Dementia sufferers could be monitored with online tracking devices which would record every move they make, say scientists.

British researchers are studying the use of movement trackers which can give dementia patients and their carers intimate details about their lives, including when they go to bed and how much time they spend sitting in front of the television.

Dr Chris Pickford, of the University of Salford, said the technology could provide unique insights into patients' conditions and help spot problems before they become serious.

But critics have raised concerns about whether the use of such devices is ethical and warned that sensitive health data could be 'misused'.


But this is believed to be the first time such a device has been suggested to monitor patients with cognitive impairments such as dementia.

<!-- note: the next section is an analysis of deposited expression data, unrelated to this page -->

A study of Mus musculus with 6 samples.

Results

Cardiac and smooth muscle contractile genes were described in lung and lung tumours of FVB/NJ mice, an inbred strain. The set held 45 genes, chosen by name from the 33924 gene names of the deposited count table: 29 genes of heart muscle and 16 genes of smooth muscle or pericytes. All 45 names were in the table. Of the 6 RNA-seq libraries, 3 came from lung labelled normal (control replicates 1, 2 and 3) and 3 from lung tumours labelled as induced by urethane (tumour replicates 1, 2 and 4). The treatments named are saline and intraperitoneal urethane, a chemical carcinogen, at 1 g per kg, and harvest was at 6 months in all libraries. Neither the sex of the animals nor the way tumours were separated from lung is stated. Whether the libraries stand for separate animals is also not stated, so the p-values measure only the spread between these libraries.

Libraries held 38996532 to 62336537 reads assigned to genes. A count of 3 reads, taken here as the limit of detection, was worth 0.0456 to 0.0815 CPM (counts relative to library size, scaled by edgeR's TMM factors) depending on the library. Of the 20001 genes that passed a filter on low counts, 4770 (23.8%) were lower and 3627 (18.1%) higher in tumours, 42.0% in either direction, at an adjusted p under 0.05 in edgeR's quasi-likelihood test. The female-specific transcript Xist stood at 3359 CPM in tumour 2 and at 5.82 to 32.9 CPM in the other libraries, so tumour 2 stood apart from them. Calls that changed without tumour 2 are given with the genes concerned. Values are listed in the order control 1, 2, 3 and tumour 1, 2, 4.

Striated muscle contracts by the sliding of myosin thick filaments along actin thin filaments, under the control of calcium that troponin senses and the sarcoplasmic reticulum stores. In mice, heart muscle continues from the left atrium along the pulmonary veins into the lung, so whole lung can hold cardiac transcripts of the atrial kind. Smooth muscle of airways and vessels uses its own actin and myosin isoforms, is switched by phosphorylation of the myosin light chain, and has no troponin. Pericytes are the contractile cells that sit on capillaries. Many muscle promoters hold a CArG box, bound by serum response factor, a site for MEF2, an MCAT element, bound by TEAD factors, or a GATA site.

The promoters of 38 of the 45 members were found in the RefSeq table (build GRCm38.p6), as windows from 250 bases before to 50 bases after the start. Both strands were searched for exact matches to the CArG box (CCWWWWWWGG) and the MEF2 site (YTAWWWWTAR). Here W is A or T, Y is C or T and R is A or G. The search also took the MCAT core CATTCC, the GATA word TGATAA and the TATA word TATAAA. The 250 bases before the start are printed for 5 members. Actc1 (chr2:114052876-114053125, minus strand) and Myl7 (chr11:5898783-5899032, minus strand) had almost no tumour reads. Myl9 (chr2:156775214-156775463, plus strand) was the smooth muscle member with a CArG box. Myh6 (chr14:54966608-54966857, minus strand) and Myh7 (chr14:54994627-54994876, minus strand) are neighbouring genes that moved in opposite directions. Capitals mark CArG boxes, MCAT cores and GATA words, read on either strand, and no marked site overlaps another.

The activPAL tracker, which is strapped to the bottom of the leg, measures all movement from side to side, up and down, and backwards and forwards.

It sends the information back to a computer which analyses it to provide details about how long a patient spends sitting, how active they are, when they eat, whether they are going to bed at the right time and how many times they get up in the night.

Speaking at the Dementia Congress 2016 in Brighton, Dr Pickford said he was inspired to research the subject after caring for his grandmother who had dementia.

"We didn't really understand at the time what was going on," he added. "If we had little bits of data and could gather all that together to help explain, it would have made it so much easier for us."

But other experts raised questions over whether the practice was ethical. Dementia specialist consultant Hilary Woodhead said: "There are so many issues around consent and permission. What concerns me is things can be shared so freely."